The Securities and Exchange Commission said Friday a whistleblower award of more than $300,000 went to a company audit and compliance employee who complained to the SEC after the company didn’t act on the same information.
It’s the first award for a whistleblower with an audit or compliance function at a company, the SEC said.
The whistleblower awarded $300,000 Friday reported concerns about wrongdoing within the company, including to a supervisor.
When the company took no action for 120 days, the SEC said, the whistleblower sent the same information to the agency.
“The information provided by the whistleblower led directly to an SEC enforcement action,” the SEC said.
By law, the SEC must protect the confidentiality of whistleblowers and cannot disclose any information that might directly or indirectly reveal a whistleblower’s identity.
But the SEC mistakenly released and later redacted a reference number Friday that indicated the case for which the whistleblower received an award.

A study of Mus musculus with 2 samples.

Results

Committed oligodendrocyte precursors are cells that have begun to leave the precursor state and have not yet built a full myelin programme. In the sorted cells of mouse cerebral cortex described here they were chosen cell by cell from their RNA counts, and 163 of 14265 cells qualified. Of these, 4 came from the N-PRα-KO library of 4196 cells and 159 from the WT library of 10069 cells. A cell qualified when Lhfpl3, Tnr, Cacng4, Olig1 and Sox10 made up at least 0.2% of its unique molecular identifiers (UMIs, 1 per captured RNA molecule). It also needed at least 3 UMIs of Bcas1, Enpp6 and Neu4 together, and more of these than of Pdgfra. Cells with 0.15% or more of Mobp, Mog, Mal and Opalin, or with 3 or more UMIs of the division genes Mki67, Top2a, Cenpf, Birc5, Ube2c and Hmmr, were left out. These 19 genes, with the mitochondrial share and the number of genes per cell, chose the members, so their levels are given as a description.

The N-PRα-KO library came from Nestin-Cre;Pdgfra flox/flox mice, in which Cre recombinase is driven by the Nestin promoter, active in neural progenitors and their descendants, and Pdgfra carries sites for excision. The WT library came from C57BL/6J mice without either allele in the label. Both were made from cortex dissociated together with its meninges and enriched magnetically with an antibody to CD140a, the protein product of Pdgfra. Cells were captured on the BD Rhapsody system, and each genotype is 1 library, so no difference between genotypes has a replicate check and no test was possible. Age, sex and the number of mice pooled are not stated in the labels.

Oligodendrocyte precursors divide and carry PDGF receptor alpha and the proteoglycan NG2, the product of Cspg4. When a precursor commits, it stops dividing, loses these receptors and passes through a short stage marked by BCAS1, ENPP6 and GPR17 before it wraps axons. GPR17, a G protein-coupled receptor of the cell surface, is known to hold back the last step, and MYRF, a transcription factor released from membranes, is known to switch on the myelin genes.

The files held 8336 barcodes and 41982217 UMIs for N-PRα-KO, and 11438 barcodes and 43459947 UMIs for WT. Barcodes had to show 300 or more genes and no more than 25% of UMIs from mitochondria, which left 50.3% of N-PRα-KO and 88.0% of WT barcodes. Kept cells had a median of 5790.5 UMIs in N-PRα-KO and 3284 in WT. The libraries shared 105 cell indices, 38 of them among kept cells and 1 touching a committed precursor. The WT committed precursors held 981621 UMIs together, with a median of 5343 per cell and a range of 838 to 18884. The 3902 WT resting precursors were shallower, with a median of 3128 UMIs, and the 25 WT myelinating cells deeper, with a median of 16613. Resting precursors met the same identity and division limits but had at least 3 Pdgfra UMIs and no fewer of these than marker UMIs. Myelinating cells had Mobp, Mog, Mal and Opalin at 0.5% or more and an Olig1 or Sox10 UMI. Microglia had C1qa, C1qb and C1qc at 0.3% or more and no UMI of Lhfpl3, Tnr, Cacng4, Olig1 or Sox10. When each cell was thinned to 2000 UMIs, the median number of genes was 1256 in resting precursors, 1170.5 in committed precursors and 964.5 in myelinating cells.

The number referred to a complaint filed by the SEC in federal court in New York on August 30, 2013 charging Phillip J. DeZwirek with insider trading and with numerous other securities violations.
DeZwirek was former chairman and CEO of CECO Environmental Corp. and API Technologies Corp.
The SEC announced a settlement on September 3, 2013, in which DeZwirek agreed to pay more than $1.5 million to settle the SEC enforcement action.
Sean McKessy, chief of the SEC’s Office of the Whistleblower, said employees who perform internal audit, compliance, and legal functions can be eligible for an SEC whistleblower award “if their companies fail to take appropriate, timely action on information they first reported internally.”
“They often are privy to the very kinds of specific, timely, and credible information that can prevent an imminent fraud or stop an ongoing one,” McKessy said.
The SEC’s whistleblower program enacted as part of the Dodd -Frank Wall Street Reform Act rewards high-quality, original information that results in an SEC enforcement action with sanctions of more than a $1 million.
Whistleblower awards can range from 10 percent to 30 percent of the money collected in a case.
A copy of the SEC’s August 29, 2014 release is here.
Richard L. Cassin is the publisher and editor of the FCPA Blog. He can be contacted here.